Congressional staffer died camping in Death Valley as car got stranded and his wife injured her foot

The family of an Arizona congressional staffer who died while camping in Death Valley National Park in California have revealed that his SUV had gotten stranded with two flat tires, and his wife suffered a severe injury to her foot during the ill-fated trip last week. 

Alexander Lofgren, 32, and Emily Henkel, 27, were found on Friday on a steep ledge near Willow Creek, California, but Lofgren did not survive. 

Henkel was rescued and flown to Lemoore Naval Air Station for treatment. Her brother, Chris Henkel, wrote in the description of a GoFundMe campaign that his sister required surgery. 

Alexander Lofgren, 32 (left), an Army veteran working on the staff of Congressman Raul Grijalva in Arizona, died last week trying to cross a canyon in California’s Death Valley National Park with his wife, Emily Henkel (right)

The Sheriff's Office posted a picture of the their white 2018 Subaru Forester with Yakima roof rack and several dogs near what is believed to be Tucson. The vehicle became stranded after getting two flat tires

The Sheriff’s Office posted a picture of the their white 2018 Subaru Forester with Yakima roof rack and several dogs near what is believed to be Tucson. The vehicle became stranded after getting two flat tires  

The brother provided a detailed account of the incident beginning on April 4, when Emily and her husband’s Subaru SUV became disabled in ‘a very remote’ part of Death Valley National Park.

Lofgren, an Army veteran, and Henkel, a photographer, who were described by the authorities as experienced campers, were scheduled to return home that day but never made it.   

Two days later, authorities because searching for the missing couple with helicopters.

On April 8, Henkel and Lofgren’s vehicle was finally located with a note inside, which read ‘two flat tires, headed to Mormon point, have three days’ worth of water,’ Chris Henkel wrote. 

He stated that his sister and brother-in-law were spotted later that same day from the air, but rescue teams were unable to immediately reach them because of the remoteness of their location.

The Tucson couple are pictured in an image released by Inyo Creek Sheriff's Office. They were supposed to return from their camping trip on April 4 but never made it back

The Tucson couple are pictured in an image released by Inyo Creek Sheriff’s Office. They were supposed to return from their camping trip on April 4 but never made it back 

According to Henkel's brother, his photographer sister suffered a serious injury to her foot while trying to cross a canyon

After she was rescued on April 9, Henkel underwent a surgery

According to Henkel’s brother, his photographer sister suffered a serious injury to her foot while trying to cross a canyon. After she was rescued on April 9, Henkel underwent a surgery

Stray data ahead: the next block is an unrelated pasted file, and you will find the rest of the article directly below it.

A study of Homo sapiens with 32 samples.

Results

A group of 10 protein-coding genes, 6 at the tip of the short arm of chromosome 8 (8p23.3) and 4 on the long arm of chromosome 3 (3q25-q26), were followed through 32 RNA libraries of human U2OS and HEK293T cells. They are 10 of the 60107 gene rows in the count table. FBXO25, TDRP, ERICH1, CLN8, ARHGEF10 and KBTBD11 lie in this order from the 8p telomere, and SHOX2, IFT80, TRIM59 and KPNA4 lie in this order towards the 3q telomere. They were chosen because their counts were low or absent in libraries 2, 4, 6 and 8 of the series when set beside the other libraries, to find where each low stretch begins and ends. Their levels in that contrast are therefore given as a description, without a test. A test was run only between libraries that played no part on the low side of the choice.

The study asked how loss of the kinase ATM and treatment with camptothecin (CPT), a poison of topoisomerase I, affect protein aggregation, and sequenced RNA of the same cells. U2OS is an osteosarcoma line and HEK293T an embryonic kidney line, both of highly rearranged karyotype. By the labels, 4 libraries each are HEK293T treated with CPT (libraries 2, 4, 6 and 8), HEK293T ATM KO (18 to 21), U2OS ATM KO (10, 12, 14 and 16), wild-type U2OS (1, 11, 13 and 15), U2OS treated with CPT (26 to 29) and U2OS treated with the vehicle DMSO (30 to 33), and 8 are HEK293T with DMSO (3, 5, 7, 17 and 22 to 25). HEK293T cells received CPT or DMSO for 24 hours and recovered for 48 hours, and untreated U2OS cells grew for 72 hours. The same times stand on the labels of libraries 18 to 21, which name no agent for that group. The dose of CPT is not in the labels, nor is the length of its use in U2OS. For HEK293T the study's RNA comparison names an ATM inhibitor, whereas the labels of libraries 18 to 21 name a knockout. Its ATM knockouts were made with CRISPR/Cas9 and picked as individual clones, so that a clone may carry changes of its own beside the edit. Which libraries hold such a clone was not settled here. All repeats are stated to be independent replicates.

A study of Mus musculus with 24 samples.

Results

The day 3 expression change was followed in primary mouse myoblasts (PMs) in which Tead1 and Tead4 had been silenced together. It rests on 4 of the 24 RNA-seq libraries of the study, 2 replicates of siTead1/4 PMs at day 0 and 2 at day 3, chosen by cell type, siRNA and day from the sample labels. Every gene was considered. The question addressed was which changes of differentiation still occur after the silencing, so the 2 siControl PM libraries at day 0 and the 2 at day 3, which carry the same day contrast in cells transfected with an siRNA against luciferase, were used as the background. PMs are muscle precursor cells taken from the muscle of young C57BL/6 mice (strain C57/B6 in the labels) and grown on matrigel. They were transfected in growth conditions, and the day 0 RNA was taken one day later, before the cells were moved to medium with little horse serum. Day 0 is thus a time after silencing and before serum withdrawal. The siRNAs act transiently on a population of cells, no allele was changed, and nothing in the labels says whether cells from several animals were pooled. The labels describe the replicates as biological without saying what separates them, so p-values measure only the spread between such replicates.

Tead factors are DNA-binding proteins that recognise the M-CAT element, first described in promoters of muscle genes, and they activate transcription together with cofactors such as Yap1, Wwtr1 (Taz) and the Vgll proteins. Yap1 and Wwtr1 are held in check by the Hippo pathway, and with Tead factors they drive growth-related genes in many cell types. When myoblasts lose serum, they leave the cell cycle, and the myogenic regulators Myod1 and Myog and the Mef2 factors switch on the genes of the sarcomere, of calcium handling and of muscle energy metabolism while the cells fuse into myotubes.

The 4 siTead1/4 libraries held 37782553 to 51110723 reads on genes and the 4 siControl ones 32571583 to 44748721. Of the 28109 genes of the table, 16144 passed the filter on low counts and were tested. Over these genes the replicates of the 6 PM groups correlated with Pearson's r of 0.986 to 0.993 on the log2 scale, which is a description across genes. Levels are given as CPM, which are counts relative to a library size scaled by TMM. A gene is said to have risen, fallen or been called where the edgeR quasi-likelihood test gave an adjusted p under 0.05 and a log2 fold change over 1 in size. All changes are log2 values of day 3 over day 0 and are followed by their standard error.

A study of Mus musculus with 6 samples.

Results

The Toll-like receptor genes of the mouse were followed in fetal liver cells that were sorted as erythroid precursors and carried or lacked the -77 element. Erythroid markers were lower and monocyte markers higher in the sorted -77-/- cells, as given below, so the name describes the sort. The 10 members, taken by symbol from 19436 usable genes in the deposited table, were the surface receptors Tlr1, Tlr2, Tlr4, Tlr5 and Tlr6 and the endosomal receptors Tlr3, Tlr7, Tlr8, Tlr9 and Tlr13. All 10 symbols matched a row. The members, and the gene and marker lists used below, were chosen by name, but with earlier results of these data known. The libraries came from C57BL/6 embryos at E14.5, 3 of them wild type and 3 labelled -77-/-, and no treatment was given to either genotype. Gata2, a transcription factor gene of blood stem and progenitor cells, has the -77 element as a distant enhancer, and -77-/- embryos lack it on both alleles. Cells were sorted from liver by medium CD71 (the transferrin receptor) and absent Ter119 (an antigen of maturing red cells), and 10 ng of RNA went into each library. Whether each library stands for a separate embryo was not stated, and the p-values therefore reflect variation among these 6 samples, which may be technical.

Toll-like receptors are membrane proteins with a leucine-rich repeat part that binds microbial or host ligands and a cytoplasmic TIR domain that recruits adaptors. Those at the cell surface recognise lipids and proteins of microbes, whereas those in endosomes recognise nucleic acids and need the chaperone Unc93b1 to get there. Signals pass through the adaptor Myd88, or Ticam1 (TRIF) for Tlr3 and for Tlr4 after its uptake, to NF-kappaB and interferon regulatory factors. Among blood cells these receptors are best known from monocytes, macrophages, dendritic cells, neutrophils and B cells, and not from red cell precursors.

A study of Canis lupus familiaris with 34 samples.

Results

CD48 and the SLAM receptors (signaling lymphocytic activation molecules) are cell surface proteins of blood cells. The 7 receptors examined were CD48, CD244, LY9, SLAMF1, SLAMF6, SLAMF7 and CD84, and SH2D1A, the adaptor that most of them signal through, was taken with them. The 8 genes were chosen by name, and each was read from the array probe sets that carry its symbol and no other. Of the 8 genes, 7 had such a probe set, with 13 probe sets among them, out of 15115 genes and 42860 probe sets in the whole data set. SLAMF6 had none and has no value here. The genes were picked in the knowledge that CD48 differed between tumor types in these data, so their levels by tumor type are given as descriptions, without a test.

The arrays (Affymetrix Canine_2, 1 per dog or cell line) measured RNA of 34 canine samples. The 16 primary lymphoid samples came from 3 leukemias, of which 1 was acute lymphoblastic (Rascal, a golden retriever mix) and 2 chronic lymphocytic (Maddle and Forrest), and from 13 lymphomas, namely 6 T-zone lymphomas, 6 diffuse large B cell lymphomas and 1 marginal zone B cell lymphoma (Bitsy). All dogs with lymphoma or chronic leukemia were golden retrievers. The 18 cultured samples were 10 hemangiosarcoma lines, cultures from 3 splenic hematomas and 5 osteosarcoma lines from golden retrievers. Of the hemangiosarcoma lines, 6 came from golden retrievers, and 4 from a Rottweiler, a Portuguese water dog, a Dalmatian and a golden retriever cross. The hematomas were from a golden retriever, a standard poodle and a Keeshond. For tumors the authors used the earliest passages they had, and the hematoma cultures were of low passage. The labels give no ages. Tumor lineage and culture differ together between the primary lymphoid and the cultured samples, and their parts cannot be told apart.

It was not until 11.30am the following day, April 9, after a failed aerial rescue attempt, that a search party finally made contact with Emily and learned that her husband had died.

The cause of Lofgren’s death is under investigation. 

‘Rescuers, family, and friends were devastated to discover that Alex had suffered fatal injuries trying to make it through Willow Creek Canyon to the nearest road for help, and that Emily had suffered a severe foot injury requiring surgery,’ the brother wrote. 

Chris wrote that the money raised through GoFundMe campaign, currently totaling more than $31,000, would help the family cover the costs of the multi-agency search and rescue operation, Emily’s medical expenses and Lofgren’s memorial services. 

‘I would like to honor Alexander Lofgren for being such a loving, strong soul,’ Chris wrote in a Facebook post on Sunday. ‘For serving his country, and protecting my sister to the end. I will forever be grateful to him with all my heart and soul.’ 

Lofgren (left) previously served in the military and was deployed to Afghanistan.

Lofgren (left) previously served in the military and was deployed to Afghanistan.

Lofgren worked as a caseworker in the district office of Congressman Raul Grijalva and lived in Tucson, KGUN reported. He previously served in the military and was deployed to Afghanistan.

Grijalva, a Democrat, released a statement about Lofgren’s death on Twitter.

‘To know Alex was to know someone who loved life, loved his family, and loved helping others. Words cannot begin to describe the void this immeasurable loss leaves in the hearts of his colleagues and his family,’ Grijalva wrote.

‘Alex lived a life of service and always put the needs of others first. After serving our country in Afghanistan, he came home to Arizona to serve veterans right here in Southern Arizona as a caseworker in my office.’

He continued: ‘The passion he dedicated to work each day touched countless lives. No matter the situation, Alex met those he helped with a smiling face, a caring heart, and unrivaled empathy.’

Rep Grijalva released a statement last week, mourning Lofgren's death

Rep Grijalva released a statement last week, mourning Lofgren’s death 

‘Alex will forever be a part of our family, and my heart is with his family, his loving partner Emily, and his colleagues who mourn him today,’ he added.

Death Valley, in the Mojave Desert in eastern California, is one of the hottest and driest places in the world. It had highs in the 90s this week.

The rugged park has claimed several lives over the years. In January, an experienced climber who was descending a canyon plunged to his death when he was caught in a rockslide.